Author: Andrew Jackson
What is Transfer Duty?
It is a Tax levied on the value of any property acquired by any person by way of a transaction or in any other way in the Republic of South Africa. For the purpose of this article, property can mean including but not limited to land which includes real rights in land, a share or interest in a residential property, a share in a share-block company or rights to minerals. It should be noted that transfer duty and the transfer costs payable are separate amounts which needs to be paid when an attorney is attending to the transfer of your property.
When is Transfer Duty applicable?
Transfer duty is payable when the value of the property being transferred is above the value of R1 000 000.00 (One Million Rand). This threshold has been effective from 1 March 2020. In relation to portions/shares of a property being transferred, even though the value of the property might be below the abovementioned threshold, transfer duty might nonetheless be calculated on the full value of the property. There are, however, certain transactions that are exempt from transfer duty. These exemptions are set out in Section 9 of the Transfer Duty Act, Act No. 40 of 1949.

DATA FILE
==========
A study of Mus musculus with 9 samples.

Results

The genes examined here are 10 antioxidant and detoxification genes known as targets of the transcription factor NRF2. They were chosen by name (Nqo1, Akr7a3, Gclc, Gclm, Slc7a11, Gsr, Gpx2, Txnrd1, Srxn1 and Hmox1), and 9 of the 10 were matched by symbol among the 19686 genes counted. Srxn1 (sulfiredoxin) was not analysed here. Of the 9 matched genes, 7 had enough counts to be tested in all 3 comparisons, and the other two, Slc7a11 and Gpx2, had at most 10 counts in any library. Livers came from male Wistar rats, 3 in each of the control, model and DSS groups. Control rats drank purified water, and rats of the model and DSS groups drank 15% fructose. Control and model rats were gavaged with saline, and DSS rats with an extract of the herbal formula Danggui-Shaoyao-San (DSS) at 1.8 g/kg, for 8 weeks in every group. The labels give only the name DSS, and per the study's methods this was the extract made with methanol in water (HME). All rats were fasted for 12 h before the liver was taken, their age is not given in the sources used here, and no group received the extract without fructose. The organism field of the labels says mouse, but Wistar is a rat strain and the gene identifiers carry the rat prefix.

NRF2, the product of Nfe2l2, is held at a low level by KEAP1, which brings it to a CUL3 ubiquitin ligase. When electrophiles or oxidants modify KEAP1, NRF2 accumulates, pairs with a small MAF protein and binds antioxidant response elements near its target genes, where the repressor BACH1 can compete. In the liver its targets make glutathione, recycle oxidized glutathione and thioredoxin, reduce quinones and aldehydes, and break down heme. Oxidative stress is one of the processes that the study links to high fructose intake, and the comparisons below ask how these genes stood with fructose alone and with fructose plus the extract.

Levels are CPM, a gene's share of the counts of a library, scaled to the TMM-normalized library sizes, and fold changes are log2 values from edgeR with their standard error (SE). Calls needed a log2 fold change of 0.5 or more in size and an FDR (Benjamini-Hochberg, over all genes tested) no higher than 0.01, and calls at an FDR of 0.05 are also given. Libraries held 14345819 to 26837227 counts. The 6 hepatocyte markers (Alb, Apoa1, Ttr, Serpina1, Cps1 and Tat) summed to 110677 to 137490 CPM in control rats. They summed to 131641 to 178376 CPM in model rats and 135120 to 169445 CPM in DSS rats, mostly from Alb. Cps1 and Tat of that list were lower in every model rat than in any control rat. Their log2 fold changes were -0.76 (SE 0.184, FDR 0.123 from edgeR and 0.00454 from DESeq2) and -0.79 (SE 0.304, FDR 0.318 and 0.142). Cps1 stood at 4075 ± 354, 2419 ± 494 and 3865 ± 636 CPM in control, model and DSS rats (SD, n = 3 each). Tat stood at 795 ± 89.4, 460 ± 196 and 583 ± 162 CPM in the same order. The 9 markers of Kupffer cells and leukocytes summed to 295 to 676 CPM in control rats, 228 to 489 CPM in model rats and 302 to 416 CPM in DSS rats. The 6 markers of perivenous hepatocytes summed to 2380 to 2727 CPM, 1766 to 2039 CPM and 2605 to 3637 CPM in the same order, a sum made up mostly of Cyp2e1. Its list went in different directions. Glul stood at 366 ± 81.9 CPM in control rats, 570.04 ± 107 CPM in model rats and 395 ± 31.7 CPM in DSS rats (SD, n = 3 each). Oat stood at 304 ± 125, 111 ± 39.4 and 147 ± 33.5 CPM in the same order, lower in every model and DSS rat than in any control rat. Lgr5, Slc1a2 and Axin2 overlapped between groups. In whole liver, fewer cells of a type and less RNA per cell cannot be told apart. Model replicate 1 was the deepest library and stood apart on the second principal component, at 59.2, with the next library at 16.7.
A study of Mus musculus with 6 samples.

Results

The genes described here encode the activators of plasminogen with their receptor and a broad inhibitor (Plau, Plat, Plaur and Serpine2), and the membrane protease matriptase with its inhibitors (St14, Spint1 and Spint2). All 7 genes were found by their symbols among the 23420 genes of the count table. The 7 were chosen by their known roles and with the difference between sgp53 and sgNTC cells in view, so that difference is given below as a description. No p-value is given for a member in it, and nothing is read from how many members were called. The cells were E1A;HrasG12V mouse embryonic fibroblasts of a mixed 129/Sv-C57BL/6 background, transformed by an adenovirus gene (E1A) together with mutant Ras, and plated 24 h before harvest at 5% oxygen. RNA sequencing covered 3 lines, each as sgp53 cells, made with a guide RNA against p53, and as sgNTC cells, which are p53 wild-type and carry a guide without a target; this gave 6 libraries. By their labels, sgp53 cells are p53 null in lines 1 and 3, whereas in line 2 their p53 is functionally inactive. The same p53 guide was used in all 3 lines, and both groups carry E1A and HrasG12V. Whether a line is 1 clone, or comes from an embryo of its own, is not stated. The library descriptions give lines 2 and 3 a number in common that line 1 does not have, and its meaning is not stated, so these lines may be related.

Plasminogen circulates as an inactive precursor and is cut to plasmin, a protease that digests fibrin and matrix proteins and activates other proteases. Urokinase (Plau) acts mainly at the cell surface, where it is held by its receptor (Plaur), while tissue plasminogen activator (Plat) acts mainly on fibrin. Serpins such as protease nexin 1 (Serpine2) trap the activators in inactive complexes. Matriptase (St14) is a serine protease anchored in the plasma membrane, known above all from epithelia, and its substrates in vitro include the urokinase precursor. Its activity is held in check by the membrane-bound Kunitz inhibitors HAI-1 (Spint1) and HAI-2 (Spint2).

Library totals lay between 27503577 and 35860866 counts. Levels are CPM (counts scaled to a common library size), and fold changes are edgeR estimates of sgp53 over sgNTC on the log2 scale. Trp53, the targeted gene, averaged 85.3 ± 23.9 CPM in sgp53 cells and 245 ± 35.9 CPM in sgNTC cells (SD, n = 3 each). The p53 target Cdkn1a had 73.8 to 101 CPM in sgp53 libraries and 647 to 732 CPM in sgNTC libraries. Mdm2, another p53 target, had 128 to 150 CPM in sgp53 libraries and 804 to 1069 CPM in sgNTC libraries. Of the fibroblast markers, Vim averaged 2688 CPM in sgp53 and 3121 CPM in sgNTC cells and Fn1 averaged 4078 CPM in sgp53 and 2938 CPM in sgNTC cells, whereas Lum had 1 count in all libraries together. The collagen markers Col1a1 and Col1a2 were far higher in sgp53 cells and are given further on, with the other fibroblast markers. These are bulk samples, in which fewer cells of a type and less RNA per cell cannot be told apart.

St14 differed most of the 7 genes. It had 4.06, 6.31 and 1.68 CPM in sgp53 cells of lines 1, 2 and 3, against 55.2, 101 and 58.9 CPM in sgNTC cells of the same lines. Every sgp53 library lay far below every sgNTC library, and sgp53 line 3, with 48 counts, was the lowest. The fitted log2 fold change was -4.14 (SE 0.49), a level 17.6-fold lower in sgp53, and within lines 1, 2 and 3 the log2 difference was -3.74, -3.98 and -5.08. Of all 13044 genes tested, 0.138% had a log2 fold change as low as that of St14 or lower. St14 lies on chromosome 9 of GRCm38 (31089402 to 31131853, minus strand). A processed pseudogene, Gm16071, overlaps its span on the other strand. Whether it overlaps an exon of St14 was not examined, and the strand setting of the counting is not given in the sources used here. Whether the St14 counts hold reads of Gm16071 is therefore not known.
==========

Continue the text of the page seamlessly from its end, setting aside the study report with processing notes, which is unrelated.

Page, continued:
Who pays Transfer Duty?
Transfer duty will be payable by the person acquiring the property. Where benefits are being renounced, the person in whose favour or for whose benefit said interest or benefit is being renounced shall be liable to pay transfer duty upon the disposal of the property. Transfer duty can be calculated on the SARS website https://www.sars.gov.za/TaxTypes/TransferDuty/Pages/default.aspx.
When is Transfer Duty payable in relation to a Transfer?
Transfer duty is payable within 6 months of the date of acquisition of the property. Therefore in order for a transfer to be registered, transfer duty will have to be paid to SARS upfront and thereafter SARS will issue the Transfer Duty Receipt. If any duty remains unpaid after the expiration of the said six months period, from the date of acquisition, interest shall be payable at a rate of 10% per annum on the amount of duty which remains unpaid. It is important to note that transfer duty which is currently levied may be subject to change as per the directives issued by SARS.